Sam Wyly, a businessman who founded Sterling Software in the 80s and who held an interest in the retail chain Michael’s, recently entered into a settlement regarding profits that he had allegedly made in offshore trusts.
According to the settlement agreement that was approved by U.S. Bankruptcy Judge Barbara Houser in Dallas, Texas, Mr. Wyly will pay $198 million, bringing a six year period of tax litigation to an end.
In Mr. Wyly’s case, the Judge had previously stated that she did not believe that Mr. Wyly did not know what was going on when hundreds of millions of dollars had been made in offshore trusts that were hidden from the U.S. This ruling followed a 2014 decision where a federal jury in Manhattan had found that he had used offshore trusts to hide his stock purchases and to evade federal trade limits. Following the verdict, Mr. Wyly had filed bankruptcy and began his fight with the IRS.
In a previous ruling, the Judge had rejected Mr. Wyly’s explanation that Mr. Wyly had relied on his lawyers to set up the offshore trusts and that he did not understand the details. The judge ruled that wealthy individuals simply are not at liberty to hire middlemen to insulate themselves from liability.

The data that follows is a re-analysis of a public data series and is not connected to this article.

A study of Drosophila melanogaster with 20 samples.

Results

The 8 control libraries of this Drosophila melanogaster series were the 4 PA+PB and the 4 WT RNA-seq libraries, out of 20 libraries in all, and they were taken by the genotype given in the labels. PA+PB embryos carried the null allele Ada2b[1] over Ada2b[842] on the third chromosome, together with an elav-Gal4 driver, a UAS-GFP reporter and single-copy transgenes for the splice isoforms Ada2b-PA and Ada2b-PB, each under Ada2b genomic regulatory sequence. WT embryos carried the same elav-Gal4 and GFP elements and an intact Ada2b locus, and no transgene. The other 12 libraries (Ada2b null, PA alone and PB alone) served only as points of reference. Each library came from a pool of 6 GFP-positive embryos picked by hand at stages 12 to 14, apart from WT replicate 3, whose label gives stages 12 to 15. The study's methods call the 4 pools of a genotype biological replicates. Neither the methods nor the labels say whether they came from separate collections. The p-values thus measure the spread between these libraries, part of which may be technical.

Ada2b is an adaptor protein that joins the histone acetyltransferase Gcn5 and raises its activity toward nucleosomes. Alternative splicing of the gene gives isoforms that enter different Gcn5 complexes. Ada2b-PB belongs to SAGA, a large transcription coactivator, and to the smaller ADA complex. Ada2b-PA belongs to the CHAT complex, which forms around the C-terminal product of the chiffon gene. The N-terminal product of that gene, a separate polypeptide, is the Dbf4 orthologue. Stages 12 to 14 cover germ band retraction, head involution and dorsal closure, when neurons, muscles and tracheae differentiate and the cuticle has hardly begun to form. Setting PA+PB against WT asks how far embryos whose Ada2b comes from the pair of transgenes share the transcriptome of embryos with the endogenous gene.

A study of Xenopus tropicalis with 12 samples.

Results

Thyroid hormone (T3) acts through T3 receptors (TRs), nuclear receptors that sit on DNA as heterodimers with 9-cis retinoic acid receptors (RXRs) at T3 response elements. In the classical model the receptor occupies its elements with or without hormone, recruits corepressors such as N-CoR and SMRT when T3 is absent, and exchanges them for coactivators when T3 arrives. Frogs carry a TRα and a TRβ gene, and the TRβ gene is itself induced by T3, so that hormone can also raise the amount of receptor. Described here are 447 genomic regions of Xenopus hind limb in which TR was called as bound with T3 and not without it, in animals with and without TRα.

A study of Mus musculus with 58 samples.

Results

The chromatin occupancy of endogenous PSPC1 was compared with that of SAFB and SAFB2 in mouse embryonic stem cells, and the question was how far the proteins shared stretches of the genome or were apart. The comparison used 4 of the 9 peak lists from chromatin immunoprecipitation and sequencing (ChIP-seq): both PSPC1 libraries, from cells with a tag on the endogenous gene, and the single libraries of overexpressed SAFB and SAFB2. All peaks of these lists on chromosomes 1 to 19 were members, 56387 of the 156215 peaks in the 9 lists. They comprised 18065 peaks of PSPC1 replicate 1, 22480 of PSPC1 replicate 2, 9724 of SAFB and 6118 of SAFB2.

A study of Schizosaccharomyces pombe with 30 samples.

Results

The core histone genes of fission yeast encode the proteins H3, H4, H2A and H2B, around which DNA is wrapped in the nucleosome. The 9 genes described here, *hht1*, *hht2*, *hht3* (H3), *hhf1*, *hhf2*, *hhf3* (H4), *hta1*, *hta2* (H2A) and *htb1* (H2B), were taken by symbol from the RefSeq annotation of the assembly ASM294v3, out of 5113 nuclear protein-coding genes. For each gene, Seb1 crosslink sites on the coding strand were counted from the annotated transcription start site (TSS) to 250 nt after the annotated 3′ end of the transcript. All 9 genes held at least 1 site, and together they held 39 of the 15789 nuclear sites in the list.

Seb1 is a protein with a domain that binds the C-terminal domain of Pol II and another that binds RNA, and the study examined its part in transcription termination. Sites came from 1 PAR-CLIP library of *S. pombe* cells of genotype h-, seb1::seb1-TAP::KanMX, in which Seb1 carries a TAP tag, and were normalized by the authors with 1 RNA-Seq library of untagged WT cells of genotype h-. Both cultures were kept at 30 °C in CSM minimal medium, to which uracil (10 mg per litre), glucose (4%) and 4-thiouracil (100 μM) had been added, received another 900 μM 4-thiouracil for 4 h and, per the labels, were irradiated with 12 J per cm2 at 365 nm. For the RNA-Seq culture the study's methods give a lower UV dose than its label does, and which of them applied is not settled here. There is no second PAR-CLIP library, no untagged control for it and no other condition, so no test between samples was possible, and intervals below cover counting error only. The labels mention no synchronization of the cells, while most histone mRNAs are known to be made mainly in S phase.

Offshore Trusts and the Risks of Tax Litigation
As this case highlights, the IRS is interested in uncovering the use of offshore trusts to hold wealthy individuals accountable when they have not paid taxes on their profits from the offshore trusts and when they have used offshore trusts to evade U.S. laws. It reveals some of the dangers involved in using offshore trusts.
What Is an Offshore Trust?
In general, offshore trusts are similar to domestic trusts except that they are used to take advantage of laws in other countries. These laws may include provisions regarding investments, provisions to obscure the owners of a trust, or provisions to seek tax benefits.
As seen in the case above, there were financial regulations that would have limited a domestic trust from making certain investments. In order to circumvent those regulations, the offshore trust was used to take advantage of more flexible investment rules to allow the trusts to take on investment opportunities that would have been considered unlawful for a domestic trust.
As seen in the rulings in Mr. Wyly’s case, there are substantial risks to using offshore trusts. These risks can expose individuals to tax litigation, and potentially to the loss of profits from using offshore trusts improperly.
The case is a cautionary tale that highlights the importance of discussing your finances with an experienced tax lawyer and fully understanding the legal consequences of your decisions when making investment decisions. Call the Sammahorn Law Firm today (903) 595-1000.